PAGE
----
Updated May 10, 2019 - 11:42 pm
Homebuilders’ sales totals dipped throughout Southern Nevada early this year. But according to a report this week, buyer activity fell particularly hard in a normally hot spot for house construction: Summerlin.
Builders sold 302 homes in Las Vegas’ largest master-planned community in the first quarter, down 26 percent from the same period last year, Summerlin developer Howard Hughes Corp. disclosed this week.
The report indicates, but doesn’t explicitly state, that the figures represent new sales contracts, not closings.
Overall, builders closed nearly 2,300 sales in the first quarter in the Las Vegas area, down 4.6 percent from the same period in 2018, according to Home Builders Research.
Spokesman Tom Warden said in a statement Friday that Hughes Corp. is “encouraged by consistently strong new home sales in recent weeks” and that “2019 appears to be headed towards another successful year of new home sales in Summerlin.”
He also cited an “anomalous” six-week stretch of sales in the first quarter of last year.
Sales of newly built and previously owned homes have tumbled in Southern Nevada amid price increases and affordability concerns.
Las Vegas homebuilder Tom McCormick, founder of Touchstone Living, doesn’t have any projects in Summerlin, nor does he know whether prices there were slowing sales. But in general, he said: “The higher the prices go, the harder it is to sell homes.”
Land prices are a key factor for developers when they set house prices. Summerlin has some of the most expensive dirt in the valley, and homebuyers on average pay a lot more for new houses there than in other parts of town.
The median sales price of new-home closings in Summerlin last quarter was nearly $577,000, compared with $389,070 throughout the valley, according to SalesTraq, the residential research arm of Las Vegas consulting firm Applied Analysis.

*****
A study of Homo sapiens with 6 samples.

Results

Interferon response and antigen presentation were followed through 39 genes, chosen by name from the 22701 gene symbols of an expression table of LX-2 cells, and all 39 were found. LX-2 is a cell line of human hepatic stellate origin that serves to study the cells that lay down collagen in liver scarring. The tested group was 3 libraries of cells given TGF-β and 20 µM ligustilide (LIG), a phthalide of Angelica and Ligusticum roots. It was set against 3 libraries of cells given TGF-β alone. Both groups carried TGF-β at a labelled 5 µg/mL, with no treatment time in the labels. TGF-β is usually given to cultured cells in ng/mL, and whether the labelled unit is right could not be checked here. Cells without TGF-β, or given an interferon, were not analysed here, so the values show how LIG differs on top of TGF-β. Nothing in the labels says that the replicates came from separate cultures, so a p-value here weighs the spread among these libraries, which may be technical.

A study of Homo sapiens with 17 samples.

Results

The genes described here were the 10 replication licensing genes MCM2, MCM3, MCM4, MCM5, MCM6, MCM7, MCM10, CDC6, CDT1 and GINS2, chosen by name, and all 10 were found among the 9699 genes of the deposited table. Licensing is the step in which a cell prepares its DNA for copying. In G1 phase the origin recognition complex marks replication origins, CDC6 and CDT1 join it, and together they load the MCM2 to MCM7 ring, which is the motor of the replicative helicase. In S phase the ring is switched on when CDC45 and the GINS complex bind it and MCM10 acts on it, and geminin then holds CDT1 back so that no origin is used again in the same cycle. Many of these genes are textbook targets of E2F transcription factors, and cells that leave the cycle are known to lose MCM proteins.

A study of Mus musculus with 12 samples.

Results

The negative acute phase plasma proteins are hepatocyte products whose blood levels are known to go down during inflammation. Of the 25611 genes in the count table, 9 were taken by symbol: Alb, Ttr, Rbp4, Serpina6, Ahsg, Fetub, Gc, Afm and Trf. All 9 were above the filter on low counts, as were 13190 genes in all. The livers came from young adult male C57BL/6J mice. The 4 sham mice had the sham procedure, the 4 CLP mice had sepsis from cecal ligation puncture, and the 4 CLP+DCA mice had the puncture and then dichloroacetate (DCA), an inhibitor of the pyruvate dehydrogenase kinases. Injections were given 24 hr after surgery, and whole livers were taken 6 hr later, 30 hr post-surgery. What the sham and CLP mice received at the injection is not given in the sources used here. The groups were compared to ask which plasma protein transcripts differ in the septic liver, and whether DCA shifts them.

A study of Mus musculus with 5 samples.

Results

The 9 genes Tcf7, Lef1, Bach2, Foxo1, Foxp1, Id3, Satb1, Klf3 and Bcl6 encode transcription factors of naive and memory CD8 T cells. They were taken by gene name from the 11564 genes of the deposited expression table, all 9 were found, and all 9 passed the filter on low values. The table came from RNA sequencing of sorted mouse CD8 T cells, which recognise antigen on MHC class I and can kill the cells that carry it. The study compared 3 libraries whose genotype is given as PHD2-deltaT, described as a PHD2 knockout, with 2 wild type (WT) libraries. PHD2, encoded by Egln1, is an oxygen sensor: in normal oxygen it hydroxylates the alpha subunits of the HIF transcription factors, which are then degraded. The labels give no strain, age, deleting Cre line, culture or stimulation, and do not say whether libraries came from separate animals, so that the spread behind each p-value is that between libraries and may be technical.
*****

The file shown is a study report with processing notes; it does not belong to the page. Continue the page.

The number of sales contracts signed by builders don’t always equal the tally of closings, as buyers do back out. SalesTraq’s numbers, it should be noted, showed a 9 percent year-over-year jump in closings in Summerlin last quarter, down from a 47 percent increase in the first quarter of 2018.
Dallas-based Hughes Corp., which sells land to builders and doesn’t construct the houses itself, announced the Summerlin sales drop in its latest corporate earnings report.
The company said home sales do not directly impact its financial results, but it believes the “strong underlying” sales volume will “continue to drive demand for land” in its master-planned communities.
Spanning 22,500 acres along the valley’s western rim, Summerlin has more than 100,000 residents and has been one of the top-selling areas in the nation for housing developers.
Builders sold nearly 1,320 homes there last year, up 25 percent from 2017, according to consulting firm RCLCO. The sales tally was third-highest among U.S. master-planned communities.
Southern Nevada’s early-year sales drop doesn’t necessarily mean deals will tumble through all of 2019. But if buyers can’t keep up with escalating prices, builders around town could find their sales offices a lot quieter than usual.